Mark L. Walberg ...  Himself - Host / ... 240 episodes, 2002-2016


Appraisers of antiques travel with the show to various cities. Area citizens bring articles for appraisal and often relate the histories of these items. The appraisers then expand on what is known about the treasures, sometimes exposing them as fakes, and they estimate the pieces' financial value. The show also includes tips for aspiring collectors of a wide range of items. Written by Carl J. Youngdahl <zomno@casbah.acns.nwu.edu>

Plot Summary | Add Synopsis


Discovering America's Hidden Treasures See more »





Parents Guide:

View content advisory »


Official Sites:

Official Facebook | Official Twitter | See more »





Release Date:

9 January 1997 (USA) See more »

Filming Locations:

Albuquerque, New Mexico, USA See more »

Company Credits

Production Co:

WGBH See more »
Show more on IMDbPro »

Technical Specs


See full technical specs »

Did You Know?


The most valuable item ever appraised at a Roadshow event (unaired) was a collection of autographs from every Presidential cabinet member from George Washington to Franklin Roosevelt, valued at a million dollars. Not surprisingly, the owner did not wish to appear on the show. See more »


Referenced in The Tonight Show with Jay Leno: Episode #19.189 (2011) See more »


I became quite disillusioned after my experience with the show
1 November 2008 | by tsmith417See all my reviews

The Antiques Roadshow came to my city a few years ago and, after being a big fan of it for a long time, I begged my husband to go and planned on bringing along a German air rifle my father brought home from The War. Since each person was allowed to bring two items I also brought along a hunting rifle that belonged to my brother-in-law's uncle. The gun's stock had been repaired and was held together in places with screws and was never a valuable item, even when new.

We got to the arena at 6am and the line was already down the block and around the corner, with more people showing up in droves every minute. We stood on line for six hours, most of it in the pouring-down rain, with no port-a-potties anywhere, nobody offering to sell us any snacks, and no protection from the downpour.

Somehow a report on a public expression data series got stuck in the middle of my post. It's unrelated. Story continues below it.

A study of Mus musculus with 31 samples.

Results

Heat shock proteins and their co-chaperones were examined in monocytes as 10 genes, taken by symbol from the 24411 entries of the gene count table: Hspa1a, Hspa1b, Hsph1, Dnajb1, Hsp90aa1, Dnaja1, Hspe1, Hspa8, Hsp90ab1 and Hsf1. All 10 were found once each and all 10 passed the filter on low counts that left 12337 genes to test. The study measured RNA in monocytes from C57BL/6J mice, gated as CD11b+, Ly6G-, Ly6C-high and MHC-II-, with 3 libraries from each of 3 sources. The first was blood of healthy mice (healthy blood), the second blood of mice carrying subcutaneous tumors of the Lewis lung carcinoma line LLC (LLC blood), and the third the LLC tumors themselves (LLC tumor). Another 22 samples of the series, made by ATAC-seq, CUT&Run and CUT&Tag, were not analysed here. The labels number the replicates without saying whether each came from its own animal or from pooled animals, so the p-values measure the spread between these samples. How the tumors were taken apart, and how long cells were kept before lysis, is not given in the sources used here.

The people on line were friendly and in good spirits, tho, and after spending so much time with them we made a lot of new friends who were eager to share the stories of the items they had brought along. I felt sorry for one woman, tho, who had brought a lovely table that was getting ruined in the rain.

By the time we got inside we were soaked thru from the rain, but we were all happy to be able to dry out a bit, finally buy a pretzel, and anxious to get to the appraisers, to see if all that suffering we had endured in the elements was worth it.

It wasn't.

Once we got to the door of the huge appraisal room we were told which table to go to, depending on what type of item we had, and we were told we had five minutes for the appraisal, that was all, and most of all, to keep moving and exit the room as quickly as possible following the appraisal process.

My husband and I bid farewell to our new friends as we all split up to our appointed sections of the room, and we hurried to the firearms appraisal table. I found out that my air gun had been used by the HitlerYouth as a training weapon during World War II and had a value of about $100, which seemed rather low to me, considering its morally unpleasant but nonetheless interesting provenance. I tried to ask a few more questions, but the appraiser was rude and cranky and kept cutting me off. Then he gave me the value for my brother-in-law's gun, the homemade one that was held together with screws and spit. $200! I couldn't believe it.

I don't think we even got our five minutes at the table. We tried to look around at other things on our way out, and I was excited to see Leigh and Leslie Keno recording a segment for the broadcast, but overall I was left with a sour taste, that we had been treated so poorly by everyone involved, and were dismissed almost as non-entities, when if it weren't for people like us, they would have no show at all. We had wasted an entire day, were miserable and wet for most of it, and had a disappointing result.

I watched the broadcast a couple of months later to see if we had been caught on tape, milling around the room (we had not), and that was the last time I ever watched that show.